So long, Sweet Stuart. We’ll try to make you proud.

Stuart Thompson never did my podcast.

I tried, but I could never get the shy giant to speak in front of a microphone.  I wish I had pleaded with him a bit more, and told him why I wanted him on so badly . . . which was simply because every time I spent five minutes with him, I learned some new lesson about the industry, as well as something about life as well.   And I just wanted the world to hear how he managed to Produce, Manage and support the arts with skill and style. Because it was something we all could learn from.

Sadly, late last week, Stuart, a Six-Time Tony Award-Winner, and one of the best purveyor of plays our industry has ever had, passed away.

Everyone in our business knew Stuart.  His reputation for stellar taste and for his stellar treatment of artists made him one of the most respected Producers and General Managers we had.  I was lucky enough to work with him when he asked my office to General Manage Cock.  I remember getting a check every week and thinking, “I’m getting a master class in Producing here . . . I should be paying him!”

My favorite moments with Stuart were when he would ask questions, or put off a decision, or pick apart a balance sheet like all great Producers and Managers should.  Then he’d say, in that Australian accent that put you at ease with each elongated -a, “I’m sure I’m driving you crazy, Ken . . . I’m a terrible client!”  And he’d laugh.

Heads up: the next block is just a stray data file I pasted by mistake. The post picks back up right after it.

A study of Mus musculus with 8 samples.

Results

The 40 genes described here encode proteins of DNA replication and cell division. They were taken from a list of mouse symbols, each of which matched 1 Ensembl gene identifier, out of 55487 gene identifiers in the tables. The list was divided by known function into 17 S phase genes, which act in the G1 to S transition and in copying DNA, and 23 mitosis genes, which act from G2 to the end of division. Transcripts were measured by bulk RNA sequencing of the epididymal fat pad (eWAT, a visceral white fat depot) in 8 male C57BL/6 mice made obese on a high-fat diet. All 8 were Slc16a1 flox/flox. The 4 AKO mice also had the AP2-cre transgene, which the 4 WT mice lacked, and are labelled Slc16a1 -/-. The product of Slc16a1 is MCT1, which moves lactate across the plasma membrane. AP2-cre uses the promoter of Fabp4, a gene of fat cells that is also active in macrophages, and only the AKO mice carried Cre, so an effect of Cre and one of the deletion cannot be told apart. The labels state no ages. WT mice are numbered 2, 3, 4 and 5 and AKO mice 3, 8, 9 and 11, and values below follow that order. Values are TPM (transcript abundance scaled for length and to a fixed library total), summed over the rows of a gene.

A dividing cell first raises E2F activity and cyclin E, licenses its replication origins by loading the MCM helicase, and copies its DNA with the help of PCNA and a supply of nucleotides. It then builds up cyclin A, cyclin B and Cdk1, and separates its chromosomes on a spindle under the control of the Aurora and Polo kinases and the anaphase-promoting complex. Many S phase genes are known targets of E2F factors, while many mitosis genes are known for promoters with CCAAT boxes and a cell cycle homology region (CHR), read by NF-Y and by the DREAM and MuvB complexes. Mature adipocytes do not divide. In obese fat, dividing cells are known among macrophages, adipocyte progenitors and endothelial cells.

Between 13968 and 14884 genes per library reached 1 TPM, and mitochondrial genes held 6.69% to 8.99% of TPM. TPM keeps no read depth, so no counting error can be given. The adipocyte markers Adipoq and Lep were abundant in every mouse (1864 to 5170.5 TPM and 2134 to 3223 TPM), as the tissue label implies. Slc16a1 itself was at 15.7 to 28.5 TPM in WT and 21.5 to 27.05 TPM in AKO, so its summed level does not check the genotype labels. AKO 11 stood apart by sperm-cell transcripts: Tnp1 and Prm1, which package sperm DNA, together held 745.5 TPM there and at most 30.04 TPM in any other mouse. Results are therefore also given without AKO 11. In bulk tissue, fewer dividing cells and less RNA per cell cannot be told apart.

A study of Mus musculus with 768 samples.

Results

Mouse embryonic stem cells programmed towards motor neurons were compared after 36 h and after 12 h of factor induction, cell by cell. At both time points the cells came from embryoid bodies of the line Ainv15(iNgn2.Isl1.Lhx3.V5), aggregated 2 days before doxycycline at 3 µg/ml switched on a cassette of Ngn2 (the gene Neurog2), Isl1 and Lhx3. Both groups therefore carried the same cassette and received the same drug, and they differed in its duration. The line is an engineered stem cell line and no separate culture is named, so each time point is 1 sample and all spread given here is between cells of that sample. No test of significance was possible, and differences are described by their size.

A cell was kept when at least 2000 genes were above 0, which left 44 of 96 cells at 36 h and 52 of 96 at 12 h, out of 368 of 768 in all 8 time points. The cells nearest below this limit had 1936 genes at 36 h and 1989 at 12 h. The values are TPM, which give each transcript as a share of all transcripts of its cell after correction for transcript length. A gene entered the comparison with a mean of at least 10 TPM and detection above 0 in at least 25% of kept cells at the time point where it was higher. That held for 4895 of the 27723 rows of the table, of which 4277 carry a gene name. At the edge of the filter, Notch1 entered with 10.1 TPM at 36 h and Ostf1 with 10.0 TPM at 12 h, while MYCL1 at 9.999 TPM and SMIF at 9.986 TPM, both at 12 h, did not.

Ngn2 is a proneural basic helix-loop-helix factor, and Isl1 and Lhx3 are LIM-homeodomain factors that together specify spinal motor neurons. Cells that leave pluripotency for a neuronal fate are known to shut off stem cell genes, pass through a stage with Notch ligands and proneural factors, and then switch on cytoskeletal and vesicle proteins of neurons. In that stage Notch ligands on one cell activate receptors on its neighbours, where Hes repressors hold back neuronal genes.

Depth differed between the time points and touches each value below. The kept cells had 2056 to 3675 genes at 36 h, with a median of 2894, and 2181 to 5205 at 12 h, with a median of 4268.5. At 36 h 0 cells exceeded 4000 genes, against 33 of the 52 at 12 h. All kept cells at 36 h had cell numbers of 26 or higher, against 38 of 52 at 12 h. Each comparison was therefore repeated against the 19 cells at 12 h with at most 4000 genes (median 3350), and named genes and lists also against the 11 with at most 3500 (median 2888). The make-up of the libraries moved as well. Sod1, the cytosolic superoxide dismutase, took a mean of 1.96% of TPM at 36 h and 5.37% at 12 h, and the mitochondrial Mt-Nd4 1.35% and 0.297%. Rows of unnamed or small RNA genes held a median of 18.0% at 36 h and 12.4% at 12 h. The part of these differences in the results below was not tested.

And nothing, nothing, ever seemed to get to him.  Not a budgetary overrun, or an “interesting” review, or an upset agent.  He took it all in stride and just soldiered on, working day in and day out at the art which he obviously loved so much.

I just saw him a month or so ago.  And it was pretty obvious that he wasn’t well.  But he bounded up to me and a colleague to say hello and smiled so big you’d have thought he just won his 7th Tony Award.

Then he said to my friend, “Is Ken getting you to do his podcast?”

Stuart, I only wished I had worked with you more.  You were an inspiration to us all.  The industry would be a kinder, gentler place with more Producers like you.

And I promise to try to produce like you did.